Just as I predicted it was another trounce — poor Nicholas Ferrar didn’t stand a chance against Harriet Tubman and she goes on to square off against either Therese of Lisieux or Martha of Bethany in the Saintly 16 round making it, if I am not mistaken, the first all-women head-to-head. Stay tuned for that one! Wanted to let all of you my the few, the proud followers of these Shenanigans that after a delightful visit with family in the San Diego area I have now begun in earnest the Consortium of Endowed Episcopal Parishes conference. This afternoon was a session for rectors and deans to consider the future of the church. Surprisingly we had no easy answers. We were then forced, forced I tell you! to go on a dinner cruise around the San Diego harbor. I met some great people including the supreme executive committee of Lent Madness, the Rev’s Tim Schenck and Scott Gunn. I really do admire what they are doing and hope that you are following their efforts which you can see here. Do have a look around the whole website — it includes a most recent article about a subversive group which tried to co-opt the whole concept with a “Papal Madness,” bracketing the upcoming election of the next pope. The nerve! But now, on to more serious things, the task at hand: choosing between Benedict of Nursia and Anne.
Benedict of Nursia: whose real name was “Benedetto da Norcia” — doesn’t that have a much more melodious ring to it? I believe Benedetto means “Well-said” or “Well-spoken.” And hey, talk about coincidences! It’s time to cue up the Twilight Zone music — how creepy is that that Benedict shows up on the day Pope Benedict (or as I’ll always remember him — Cardinal Ratzinger…) steps down. Hmmm… are the LM supreme executives psychic or what!
Benedict was born to a noble Roman family in the town of Nursia in today’s Umbria in 480; he died in 547. His twin sister Scholastica also went on to become a saint and, if we’re lucky, we may learn more about her in a future Lent Madness. But not this year. Hearing a call to leave worldly life behind, Benedict left his studies in Rome at an early age. He took his old nurse (not to be confused with his hometown of Nursia) with him as a servant and they settled down to live in a small town, Enfide. He met a monk, Romanus of Subiaco, who gave him the monk’s habit and encouraged him to become a hermit for three years (no mention of what happened to the nurse…).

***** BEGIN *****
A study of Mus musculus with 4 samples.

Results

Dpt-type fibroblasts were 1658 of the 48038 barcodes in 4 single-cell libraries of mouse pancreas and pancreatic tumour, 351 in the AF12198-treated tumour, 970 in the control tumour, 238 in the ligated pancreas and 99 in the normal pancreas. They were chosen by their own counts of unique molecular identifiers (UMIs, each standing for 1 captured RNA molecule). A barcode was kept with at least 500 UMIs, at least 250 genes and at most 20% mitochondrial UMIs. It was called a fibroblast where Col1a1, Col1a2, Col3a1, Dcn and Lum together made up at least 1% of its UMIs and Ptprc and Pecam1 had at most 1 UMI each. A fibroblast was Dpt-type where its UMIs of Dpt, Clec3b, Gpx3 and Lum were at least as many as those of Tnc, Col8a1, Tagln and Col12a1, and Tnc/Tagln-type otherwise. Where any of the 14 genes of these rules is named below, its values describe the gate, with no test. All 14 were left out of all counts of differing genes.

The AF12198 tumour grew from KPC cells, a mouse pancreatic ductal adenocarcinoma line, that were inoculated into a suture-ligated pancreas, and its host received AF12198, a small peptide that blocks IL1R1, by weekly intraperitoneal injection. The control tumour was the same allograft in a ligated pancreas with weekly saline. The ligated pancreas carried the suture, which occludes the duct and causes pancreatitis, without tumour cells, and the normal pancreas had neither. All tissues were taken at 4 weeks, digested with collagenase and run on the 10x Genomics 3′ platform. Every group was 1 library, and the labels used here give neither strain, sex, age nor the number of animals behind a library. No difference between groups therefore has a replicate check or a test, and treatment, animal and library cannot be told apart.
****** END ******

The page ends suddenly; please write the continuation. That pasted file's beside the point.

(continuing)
During these three years of solitude Benedict matured spiritually and won wide respect. Many sought him out for counsel and spiritual advice. He founded 12 monasteries, and, eventually, founded the great Benedictine monastery of Monte Cassino, which lies on a hilltop between Rome and Naples. Benedict’s greatest achievement is his Rule of St. Benedict which stresses moderation and balance in all things: worship, work, study, recreation. Much of Anglican spirituality is based on Benedict’s rule, including the rhythm of worship found in our Daily Office. Benedict’s Rule became one of the most influential religious rules in Western Christendom. For this reason, Benedict is often called the founder of western monasticism.
Anne: pretty much everything that follows about her is prefaced with “legend has it…” or “tradition says…” because we actually know nothing, nada, zip about Anne. She is not mentioned in the Bible. Not once. Tradition says she is the mother of the Virgin Mary (therefore, as legend has it, Jesus’ granny). The only reference to her in anything remotely biblical is in the New Testament Apocrypha in the book of — hold your hats for this one! — the Protoevangelium of James (what the…??). I get to show off my smattering of Greek here: it means the “First Gospel of James.”
In Hebrew “Anne” would have been “Hannah” and there is a great OT story about Samuel whose mother Hannah prayed for a son even though she was beyond child-bearing years. Here, interestingly, the Islamic Qur’an picks up with another “legend has it:” Anne is revered in Islam as a highly spiritual woman and the mother of Mary. She is described as a woman who remained childless into old age (here’s the connection with the OT Hannah), prayed for a child hoping for a son and when a daughter was born she named her Mary and realized this daughter was God’s gift to her.
Musings: Now much as I love legends and traditions and can go on and on myself finding meaning in names, metaphors, and cross-cultural similarities, the story of the at-best-legendary Anne just doesn’t hold a candle for me to the real-life Benedict. Benedict’s influence was felt throughout the church, setting the tone for monastic life to this day. We Anglicans owe much to him as well in our own understanding that life is to be lived in a balance of work, play, and prayer. In one of our discussions today at this conference we examined the role of the church during times of massive change, how sometimes the church is at the forefront of that change and sometimes — sometimes simultaneously — it holds and safeguards what is deep and true and constant. Monastics such as Benedict embody that aspect of church during times of change — times such as we are living through today. My vote without hesitation today goes to Benedict — Benedetto da Norcia.
To vote, go here and and scroll to the bottom of the page.